One of the reasons I like owning dividend stocks is that the income they generate helps to offset related expenses I incur each month. As I pay more for certain expenses, my dividend growth stocks should keep pace with these inflated expenses over time.
Early in my investing career, one of my first stock purchases was shares in Bell Canada where I calculated the dividends would offset my $25 monthly phone bill. The fact that Bell has continued to increase their dividends regularly, long after I have stopped using their services, makes the transaction all the sweeter.
Below are a couple more examples of shares I hold in my current portfolio, and the degree to which the dividends help offset my regular expenses.
Phone/Cable/Internet Expenses - Since I now live in Quebec, my telecommunications bill comes from Videotron, and is a little over $100 a month. I'm not a big fan of Quebecor, Inc. (Videotron's parent) given their paltry 0.5% dividend yield, but continue to own shares in Bell, Telus and Rogers. Together, these companies provide me with enough dividends to cover about 150% of my Videotron bill each month.
Bank Expenses - I'll admit to being clueless as to how much in banking fees I pay on a monthly basis. My main account with a credit union doesn't charge me any transaction fees, but I know my CIBC account (coincidentally, the only big bank in which I do not own shares) charges me a certain amount per transaction. Given I try to keep transactions to a minimum (taking out cash once a month or so), I think $50 would be a high-end estimate of the amount I spend on banking fees a year. Given the substantial amount of bank shares I hold in my portfolio (about 25% of my total holdings), it's safe to say that my bank expenses are very well covered by my dividends from RBC, BNS, BMO, Laurentian Bank, and National Bank.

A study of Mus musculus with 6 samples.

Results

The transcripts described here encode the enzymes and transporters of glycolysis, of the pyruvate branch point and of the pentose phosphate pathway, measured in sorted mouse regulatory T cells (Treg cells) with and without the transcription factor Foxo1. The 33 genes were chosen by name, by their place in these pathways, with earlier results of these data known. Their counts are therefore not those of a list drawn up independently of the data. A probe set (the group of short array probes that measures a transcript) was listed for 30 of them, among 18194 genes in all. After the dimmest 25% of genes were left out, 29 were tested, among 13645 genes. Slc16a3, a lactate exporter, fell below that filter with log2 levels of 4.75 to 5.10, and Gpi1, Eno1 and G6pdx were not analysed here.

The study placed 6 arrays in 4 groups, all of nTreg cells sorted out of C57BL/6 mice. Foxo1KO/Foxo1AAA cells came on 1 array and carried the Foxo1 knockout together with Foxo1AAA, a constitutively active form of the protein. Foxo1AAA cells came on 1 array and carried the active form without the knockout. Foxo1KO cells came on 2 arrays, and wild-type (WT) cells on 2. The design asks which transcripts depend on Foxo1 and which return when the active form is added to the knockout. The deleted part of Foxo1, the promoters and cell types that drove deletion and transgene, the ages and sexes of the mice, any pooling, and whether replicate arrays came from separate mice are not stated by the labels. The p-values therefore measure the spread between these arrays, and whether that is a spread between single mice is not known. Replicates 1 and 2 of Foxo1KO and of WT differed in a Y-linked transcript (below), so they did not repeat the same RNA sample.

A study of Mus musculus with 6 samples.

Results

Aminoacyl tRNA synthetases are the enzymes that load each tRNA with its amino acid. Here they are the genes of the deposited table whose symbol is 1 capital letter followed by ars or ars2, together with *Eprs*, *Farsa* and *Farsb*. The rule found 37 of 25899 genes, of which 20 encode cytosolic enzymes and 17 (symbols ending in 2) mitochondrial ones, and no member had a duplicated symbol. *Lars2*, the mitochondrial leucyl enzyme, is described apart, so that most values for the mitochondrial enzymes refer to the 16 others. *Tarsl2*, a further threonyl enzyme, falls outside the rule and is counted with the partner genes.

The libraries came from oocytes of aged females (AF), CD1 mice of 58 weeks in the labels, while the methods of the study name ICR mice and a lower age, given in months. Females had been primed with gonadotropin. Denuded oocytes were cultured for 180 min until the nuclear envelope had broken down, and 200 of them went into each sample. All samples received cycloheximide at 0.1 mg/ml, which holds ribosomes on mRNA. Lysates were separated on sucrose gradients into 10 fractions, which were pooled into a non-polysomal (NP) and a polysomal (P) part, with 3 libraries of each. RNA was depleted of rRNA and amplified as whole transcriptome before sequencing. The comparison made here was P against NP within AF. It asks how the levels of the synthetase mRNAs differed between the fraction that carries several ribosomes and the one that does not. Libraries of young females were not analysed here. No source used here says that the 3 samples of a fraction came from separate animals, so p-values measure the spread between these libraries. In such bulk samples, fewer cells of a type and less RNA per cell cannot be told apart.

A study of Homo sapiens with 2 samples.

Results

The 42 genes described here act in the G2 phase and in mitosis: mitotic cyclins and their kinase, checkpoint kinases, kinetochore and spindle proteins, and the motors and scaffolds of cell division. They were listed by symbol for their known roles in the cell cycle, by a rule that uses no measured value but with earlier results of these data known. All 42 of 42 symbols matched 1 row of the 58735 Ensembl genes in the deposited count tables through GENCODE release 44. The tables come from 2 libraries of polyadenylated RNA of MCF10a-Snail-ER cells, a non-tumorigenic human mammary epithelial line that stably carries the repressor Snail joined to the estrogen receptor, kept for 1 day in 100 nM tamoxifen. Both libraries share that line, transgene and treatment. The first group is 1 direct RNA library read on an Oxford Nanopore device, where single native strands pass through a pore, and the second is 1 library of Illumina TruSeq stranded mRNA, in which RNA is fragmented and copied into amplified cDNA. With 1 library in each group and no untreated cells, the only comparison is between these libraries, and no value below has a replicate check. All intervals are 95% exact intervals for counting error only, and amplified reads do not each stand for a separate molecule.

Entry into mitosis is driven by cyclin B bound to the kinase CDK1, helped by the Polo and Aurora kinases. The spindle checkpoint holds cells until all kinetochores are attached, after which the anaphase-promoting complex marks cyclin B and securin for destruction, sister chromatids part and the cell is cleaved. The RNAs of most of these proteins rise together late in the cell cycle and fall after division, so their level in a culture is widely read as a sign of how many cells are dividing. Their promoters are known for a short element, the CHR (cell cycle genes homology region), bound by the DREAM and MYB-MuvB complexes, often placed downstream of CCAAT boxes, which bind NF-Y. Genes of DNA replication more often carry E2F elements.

Heating Expenses - This is one of the bills I've been trying to build up a steady stream of growing dividends to help offset. We heat our house with gas provided by an Enbridge subsidiary, and I think we average a little over $100/month in expenses. I own shares directly in Enbridge Inc and Enbridge Income Fund Holding, whose dividends pay off about 43% of my average monthly energy bill. If I add in the dividends I receive from the Interpipeline Fund and TransCanada Corp, that percentage increases to around 80%.
Fast Food, Drug Stores, and Other Expenses - My 100 shares in McDonalds provide me with $324 a year in dividends, which probably covers my fast food dining expenses. The $126 I collect a year from Walgreens probably doesn't totally cover my total medical expenses per year, but it comes close. My Potash shares would likely cover the expenses associated with our small garden. The dividends I get from Microsoft and Intel would allow me to buy a new laptop every couple years. Lastly, the amount of income I generate from various REIT holdings comes close to covering my property taxes for our house.
Given my long-term goal of generating enough portfolio income to cover my day-to-day expenses, I think I'm on a pretty good track. Here's hoping the increases in dividends keeps up with the inflation associated with my normal monthly expenses.